Today’s holiday presents us with an opportunity to reflect on the biblical view of freedom and its implications for our lives.
Freedom in the Bible begins as inner freedom from bondage to sin that leads us to desire outer freedom for ourselves and others. Inner freedom bears outer implications.
I’ve written elsewhere about the details of freedom in both the Old Testament and the New Testament. What I’m concerned with today is providing a summary of what the biblical view of freedom means for how we live our lives.
Redemption as a Basis for Our Freedom
When thinking about freedom, it’s important to remember that redemption applies to all of life. On a personal level, we are redeemed from sin. On a corporate level, we are also brought into a new community, the body of Christ (I Cor. 12:13). But redemption extends beyond the personal and the corporate to the whole cosmos. Acts 3:21 says that God’s ultimate goal is the “restoration of all things.” Creation itself “will also be set free from its slavery to corruption into the freedom of the glory of the children of God” (Rom. 8:21).
Freedom cannot be limited to inner transformation. Of necessity it must extend to all of life. Jesus not only preached and taught; he also healed peoples’ bodies. People were freed inwardly and outwardly. Where Christ’s freedom is experienced, the natural outworking is towards political, religious, and economic freedom (read more about that here).
It’s no surprise, then, that believers have been on the forefront of freedom movements for the abolition of slavery both past (e.g., William Wilberforce) and present (e.g., International Justice Mission). Many believers have worked to fight for religious freedom nationally and internationally (e.g., Barnabas Fund). We are called to fight against injustice wherever we see it in personal and public life.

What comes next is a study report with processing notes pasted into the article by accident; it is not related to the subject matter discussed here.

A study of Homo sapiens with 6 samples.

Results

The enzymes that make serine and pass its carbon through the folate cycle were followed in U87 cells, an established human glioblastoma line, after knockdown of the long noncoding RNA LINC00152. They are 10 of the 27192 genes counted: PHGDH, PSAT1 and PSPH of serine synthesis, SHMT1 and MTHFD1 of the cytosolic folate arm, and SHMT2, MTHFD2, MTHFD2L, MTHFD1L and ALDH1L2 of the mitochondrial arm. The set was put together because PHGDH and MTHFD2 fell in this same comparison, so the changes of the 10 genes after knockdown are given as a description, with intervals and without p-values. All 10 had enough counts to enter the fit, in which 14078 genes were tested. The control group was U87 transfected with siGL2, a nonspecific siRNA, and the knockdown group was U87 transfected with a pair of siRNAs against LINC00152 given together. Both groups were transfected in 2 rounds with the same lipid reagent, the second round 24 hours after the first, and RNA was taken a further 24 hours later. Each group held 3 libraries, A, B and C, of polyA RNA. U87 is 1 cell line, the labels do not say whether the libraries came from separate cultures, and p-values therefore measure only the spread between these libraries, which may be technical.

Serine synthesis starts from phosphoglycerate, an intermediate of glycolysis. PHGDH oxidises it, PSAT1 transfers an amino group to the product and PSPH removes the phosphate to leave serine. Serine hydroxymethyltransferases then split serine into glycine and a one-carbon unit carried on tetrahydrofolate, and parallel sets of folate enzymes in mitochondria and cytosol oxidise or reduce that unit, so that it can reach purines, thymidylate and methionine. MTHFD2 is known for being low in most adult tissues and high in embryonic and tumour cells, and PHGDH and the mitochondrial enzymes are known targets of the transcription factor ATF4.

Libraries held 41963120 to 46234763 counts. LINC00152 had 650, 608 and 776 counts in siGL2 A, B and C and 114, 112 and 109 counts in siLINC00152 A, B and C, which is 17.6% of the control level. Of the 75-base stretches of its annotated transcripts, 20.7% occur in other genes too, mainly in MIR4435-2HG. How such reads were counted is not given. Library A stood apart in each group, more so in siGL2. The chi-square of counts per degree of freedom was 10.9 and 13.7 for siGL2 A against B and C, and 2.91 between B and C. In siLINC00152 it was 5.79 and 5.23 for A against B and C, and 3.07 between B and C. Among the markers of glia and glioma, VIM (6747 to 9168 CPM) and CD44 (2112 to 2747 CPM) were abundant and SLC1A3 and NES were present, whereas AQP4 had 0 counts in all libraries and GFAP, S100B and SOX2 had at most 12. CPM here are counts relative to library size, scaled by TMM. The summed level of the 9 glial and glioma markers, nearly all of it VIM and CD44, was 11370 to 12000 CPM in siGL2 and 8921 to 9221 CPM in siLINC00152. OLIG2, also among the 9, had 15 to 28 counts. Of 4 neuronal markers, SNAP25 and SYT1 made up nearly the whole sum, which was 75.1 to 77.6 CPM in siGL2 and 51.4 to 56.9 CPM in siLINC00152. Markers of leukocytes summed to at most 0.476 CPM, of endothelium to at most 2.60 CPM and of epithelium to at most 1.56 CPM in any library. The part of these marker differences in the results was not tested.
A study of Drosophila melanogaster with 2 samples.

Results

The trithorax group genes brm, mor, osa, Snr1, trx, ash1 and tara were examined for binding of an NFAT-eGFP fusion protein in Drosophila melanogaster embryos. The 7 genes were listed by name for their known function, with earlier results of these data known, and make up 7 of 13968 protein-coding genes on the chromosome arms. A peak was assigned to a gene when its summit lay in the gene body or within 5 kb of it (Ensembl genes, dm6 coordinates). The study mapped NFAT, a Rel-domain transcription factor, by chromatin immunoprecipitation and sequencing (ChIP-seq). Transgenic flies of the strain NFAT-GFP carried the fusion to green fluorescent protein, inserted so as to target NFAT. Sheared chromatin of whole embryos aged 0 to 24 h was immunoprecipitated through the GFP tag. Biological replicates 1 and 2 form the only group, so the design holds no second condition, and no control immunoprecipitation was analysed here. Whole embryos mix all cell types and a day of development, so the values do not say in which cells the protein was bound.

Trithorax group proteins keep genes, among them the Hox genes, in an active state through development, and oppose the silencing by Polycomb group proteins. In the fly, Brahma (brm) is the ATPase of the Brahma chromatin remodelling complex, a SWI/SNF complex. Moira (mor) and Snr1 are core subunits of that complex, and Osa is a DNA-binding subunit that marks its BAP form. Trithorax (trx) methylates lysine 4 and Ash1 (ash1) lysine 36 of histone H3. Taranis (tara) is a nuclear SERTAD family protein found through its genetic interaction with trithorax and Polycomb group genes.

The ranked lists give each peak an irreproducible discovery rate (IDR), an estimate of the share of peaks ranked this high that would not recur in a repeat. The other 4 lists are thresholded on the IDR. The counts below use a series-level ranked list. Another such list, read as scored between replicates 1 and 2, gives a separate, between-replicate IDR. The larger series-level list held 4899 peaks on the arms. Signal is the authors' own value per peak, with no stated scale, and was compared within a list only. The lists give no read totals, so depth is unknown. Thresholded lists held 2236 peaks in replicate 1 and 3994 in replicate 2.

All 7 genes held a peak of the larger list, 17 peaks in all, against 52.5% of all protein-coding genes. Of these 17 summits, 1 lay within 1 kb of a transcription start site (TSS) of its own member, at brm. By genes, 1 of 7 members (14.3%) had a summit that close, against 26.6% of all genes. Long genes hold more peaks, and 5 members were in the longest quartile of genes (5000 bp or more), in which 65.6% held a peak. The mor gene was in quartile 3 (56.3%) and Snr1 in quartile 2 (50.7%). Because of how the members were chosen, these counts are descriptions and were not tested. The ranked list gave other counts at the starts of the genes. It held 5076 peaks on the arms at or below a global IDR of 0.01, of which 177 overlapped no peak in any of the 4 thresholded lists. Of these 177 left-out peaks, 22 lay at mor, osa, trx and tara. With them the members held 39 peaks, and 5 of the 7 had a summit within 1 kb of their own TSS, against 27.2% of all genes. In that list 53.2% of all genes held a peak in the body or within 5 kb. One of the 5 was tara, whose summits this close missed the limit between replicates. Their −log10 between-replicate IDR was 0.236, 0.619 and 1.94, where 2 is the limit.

Seven Implications of the Biblical View of Freedom
Freedom from the bondage to sin, the Law, death, and lies about reality will inevitably push further and further out till it leads to freedom in all areas of life. Here are seven implications for our lives from this truth.
1. Freedom is not autonomy or doing what you feel like doing without any constraints. In fact, following Christ’s commands frees you to be more of the person God created you to be.
2. Freedom is within the context of Law. We are not under the obedience to the Law as a condition of salvation, but the moral Law and Christ’s commands give us a guide to know how to live and to love.
3. We are truly free when we know the truth about ourselves and the world. This means throwing off the lies and deceptions to which we are so often captive.
4. Salvation is not primarily political liberation (as in some theologies). But God often intervened when his people were oppressed by unjust totalitarian leaders (Exodus and Judges, for example).
5. Inner renewal often leads to outer consequences and renewal of the land.
6. The Bible doesn’t prescribe one type of government but freedom (political, economic, and religious) is consistent with (not contradictory to) the Bible. More on that here.
7. Inner freedom inevitably drives toward outer freedom. You can have political, economic, and religious freedom and still be in bondage to sin. You can have inner freedom in an oppressed situation. But inner and outer freedoms are the most ideal state for human beings (Micah 4:4).
Believers should be the freest to enjoy life and God’s creation, as long as it is within the structure of how God has made us. We are not free from God-ordained obligations, but we are free to live life as God intended it to be lived.